Just imagine this scenario: one day you turn off your pc and you try to turn it on the following day. And it doesn’t or, more precisely, your trustworthy Maxtor/Seagate HDD (Model No. STM3320614AS) is no longer detected during the boot or shows a size of 0GB. You get mad, you get angry. Then you try to figure out how to get your data back.
It appears that, due to a firmware bug, some particular Maxtor and Seagate HDDs lock up their SATA port (BSY bug) or corrupt show as 0 sized (0 LBA). Seagate, which now owns Maxtor, released a firmware update to prevent these errors from happening. If you are not lucky enough to learn about this problem before it appears, fear thou not. You can still try to recover your data by fixing the drive through some tinkering and hacking as described in this excellent and life saving guide, connecting your PC to the HDD via an USB to Serial adapter.
If you own a RaspberryPi (RPi) you don’t need to buy or build such adapter: you can use the RPi’s GPIO port.
What do we need?
- Female-Female single pin Dupont connectors (x3).
- A Raspberry Pi.
- A SATA power source.
Step 1. Preparing the Raspberry Pi.
By default, the RPi uses the UART pins of the GPIO port as a serial console. We need to disable this function in order to use those pins ourselves. As reported here, this is as easy as editing two files when using the Raspbian distribution. But since we’re VeryLazy ™, we can use the script found here.
sudo wget https://raw.github.com/lurch/rpi-serial-console/master/rpi-serial-console -O /usr/bin/rpi-serial-console sudo chmod +x /usr/bin/rpi-serial-console sudo rpi-serial-console disable
Now just reboot the RPi:
Once the RPi is back online, install the minicom software, which we’ll use to communicate with the HDD.
sudo apt-get install minicom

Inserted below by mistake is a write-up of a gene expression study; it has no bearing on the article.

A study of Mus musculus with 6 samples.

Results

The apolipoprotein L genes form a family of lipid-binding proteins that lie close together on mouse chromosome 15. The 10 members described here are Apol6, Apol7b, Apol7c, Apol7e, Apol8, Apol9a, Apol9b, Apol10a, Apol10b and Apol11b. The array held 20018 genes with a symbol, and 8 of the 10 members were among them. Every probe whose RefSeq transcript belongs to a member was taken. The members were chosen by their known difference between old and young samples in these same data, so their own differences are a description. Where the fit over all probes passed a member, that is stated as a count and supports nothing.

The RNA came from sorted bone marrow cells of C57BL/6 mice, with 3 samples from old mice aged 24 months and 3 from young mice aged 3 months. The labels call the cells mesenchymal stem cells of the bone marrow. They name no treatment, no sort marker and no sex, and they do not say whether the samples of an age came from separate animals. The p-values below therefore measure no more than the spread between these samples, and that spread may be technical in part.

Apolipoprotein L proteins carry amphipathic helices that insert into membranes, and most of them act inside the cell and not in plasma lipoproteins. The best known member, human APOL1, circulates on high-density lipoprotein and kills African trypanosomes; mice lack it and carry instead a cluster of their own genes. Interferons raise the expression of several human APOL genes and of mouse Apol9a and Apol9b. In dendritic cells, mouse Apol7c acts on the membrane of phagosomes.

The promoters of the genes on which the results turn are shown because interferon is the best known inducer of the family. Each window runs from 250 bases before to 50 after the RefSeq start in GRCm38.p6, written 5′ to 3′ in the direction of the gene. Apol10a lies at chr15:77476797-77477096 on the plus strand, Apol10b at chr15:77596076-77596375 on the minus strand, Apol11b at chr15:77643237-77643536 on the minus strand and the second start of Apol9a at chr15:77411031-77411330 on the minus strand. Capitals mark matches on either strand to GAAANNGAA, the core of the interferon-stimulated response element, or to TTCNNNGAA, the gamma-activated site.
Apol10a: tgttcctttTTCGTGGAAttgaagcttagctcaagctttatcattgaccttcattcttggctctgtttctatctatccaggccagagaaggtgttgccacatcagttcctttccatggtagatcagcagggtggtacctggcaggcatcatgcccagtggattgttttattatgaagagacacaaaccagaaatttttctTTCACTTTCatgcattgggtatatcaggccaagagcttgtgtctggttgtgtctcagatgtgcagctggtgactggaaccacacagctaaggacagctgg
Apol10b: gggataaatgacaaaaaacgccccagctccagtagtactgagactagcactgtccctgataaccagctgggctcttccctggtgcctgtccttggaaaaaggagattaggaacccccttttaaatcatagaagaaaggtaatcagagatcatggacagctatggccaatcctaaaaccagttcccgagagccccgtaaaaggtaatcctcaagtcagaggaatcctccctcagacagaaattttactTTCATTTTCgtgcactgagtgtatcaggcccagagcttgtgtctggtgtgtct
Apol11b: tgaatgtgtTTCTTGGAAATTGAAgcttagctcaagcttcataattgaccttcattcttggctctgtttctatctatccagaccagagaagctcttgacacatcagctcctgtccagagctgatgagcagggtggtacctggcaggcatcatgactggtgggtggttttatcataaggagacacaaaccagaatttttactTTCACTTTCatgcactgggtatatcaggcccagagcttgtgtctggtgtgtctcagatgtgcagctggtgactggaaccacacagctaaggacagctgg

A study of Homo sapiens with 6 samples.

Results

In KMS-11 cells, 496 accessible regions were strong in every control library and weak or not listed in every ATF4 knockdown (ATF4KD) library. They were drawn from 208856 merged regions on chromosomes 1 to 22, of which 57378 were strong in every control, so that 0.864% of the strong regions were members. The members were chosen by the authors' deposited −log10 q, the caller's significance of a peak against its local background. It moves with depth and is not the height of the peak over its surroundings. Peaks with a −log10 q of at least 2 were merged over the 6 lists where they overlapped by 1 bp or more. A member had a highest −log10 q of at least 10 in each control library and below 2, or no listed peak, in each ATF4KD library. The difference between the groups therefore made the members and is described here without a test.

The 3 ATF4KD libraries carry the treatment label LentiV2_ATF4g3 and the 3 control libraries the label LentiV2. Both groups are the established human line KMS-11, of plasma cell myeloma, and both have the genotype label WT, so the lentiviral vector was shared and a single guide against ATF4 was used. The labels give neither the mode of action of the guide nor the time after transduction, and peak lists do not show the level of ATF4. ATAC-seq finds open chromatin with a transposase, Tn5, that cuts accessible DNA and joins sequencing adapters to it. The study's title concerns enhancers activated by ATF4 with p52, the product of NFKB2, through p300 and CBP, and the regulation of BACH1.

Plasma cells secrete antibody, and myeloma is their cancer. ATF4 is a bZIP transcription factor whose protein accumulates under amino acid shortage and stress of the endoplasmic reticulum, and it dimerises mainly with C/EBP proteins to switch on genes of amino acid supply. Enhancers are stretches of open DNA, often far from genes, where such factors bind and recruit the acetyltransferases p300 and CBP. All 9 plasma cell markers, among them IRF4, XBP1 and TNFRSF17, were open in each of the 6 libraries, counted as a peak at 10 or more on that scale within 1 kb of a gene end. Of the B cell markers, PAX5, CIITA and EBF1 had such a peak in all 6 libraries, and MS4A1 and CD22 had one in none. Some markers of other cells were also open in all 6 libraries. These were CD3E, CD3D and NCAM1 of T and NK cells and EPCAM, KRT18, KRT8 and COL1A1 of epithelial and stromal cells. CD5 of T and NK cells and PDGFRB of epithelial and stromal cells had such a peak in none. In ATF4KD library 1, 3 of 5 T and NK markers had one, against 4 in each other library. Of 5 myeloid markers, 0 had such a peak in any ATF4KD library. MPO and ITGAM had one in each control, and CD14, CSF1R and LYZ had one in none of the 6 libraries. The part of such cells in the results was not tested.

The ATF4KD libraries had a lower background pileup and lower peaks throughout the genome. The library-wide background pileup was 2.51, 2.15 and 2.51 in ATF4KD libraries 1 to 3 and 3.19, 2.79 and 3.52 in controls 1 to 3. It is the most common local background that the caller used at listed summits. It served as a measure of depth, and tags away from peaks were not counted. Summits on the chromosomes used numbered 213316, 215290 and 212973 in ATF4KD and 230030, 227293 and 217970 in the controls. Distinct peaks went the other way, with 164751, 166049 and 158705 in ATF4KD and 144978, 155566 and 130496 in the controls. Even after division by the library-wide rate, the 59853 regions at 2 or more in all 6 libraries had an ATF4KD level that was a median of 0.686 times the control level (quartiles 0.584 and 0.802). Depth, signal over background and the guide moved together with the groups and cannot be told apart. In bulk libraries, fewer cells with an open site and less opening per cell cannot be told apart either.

Step 2. Connecting the Raspberry Pi to the HDD.
Be sure the HDD is not powered (i.e. do not connect the SATA power cable just yet). Connect the Dupont connectors to the GND, GPIO 14 (TX) and GPIO 15 (RX) pins on the GPIO. They should be the pins 6, 8 and 10 respectively. Please check the Raspberry Pi documentation if you are not sure.
Now connect the cable from the GND pin on the RPi to the GND jumper pin on the HDD, the TX on the RPi to the RX on the HDD and the RX on the RPi to the TX on the HDD.
Step 3. Starting the terminal and fixing the drive.
Now that everything is set up, we need to connect to the HDD using minicom. This is as simple as issuing the following command:
minicom -b 38400 -o -D /dev/ttyAMA0
Now plug the SATA power cable and wait a few seconds. Press CTRL+Z. You should see a prompt like “F3 T>”. Now you’re ready to follow the instructions to fix the HDD, which are explained here. Once you’ve recovered your data, try to update the firmware of your HDD.
If you’re unable to see the prompt, you probably connected the RX and TX cables to the wrong pins on the HDD. Just swap the RX with the TX and you should be good to go! If you are still having troubles, just leave a comment here and I’ll try to help.
Note: even though my HDD is labelled as a STM3320614AS on the sticker attached over it, the system reports it as a STM3320613AS. Because of this, I’m not able to update the firmware. Did anybody have a similar experience and knows how to proceed?
Disclaimer: please, follow this guide at your own risk. I’m not responsible for any damage you cause to your stuff.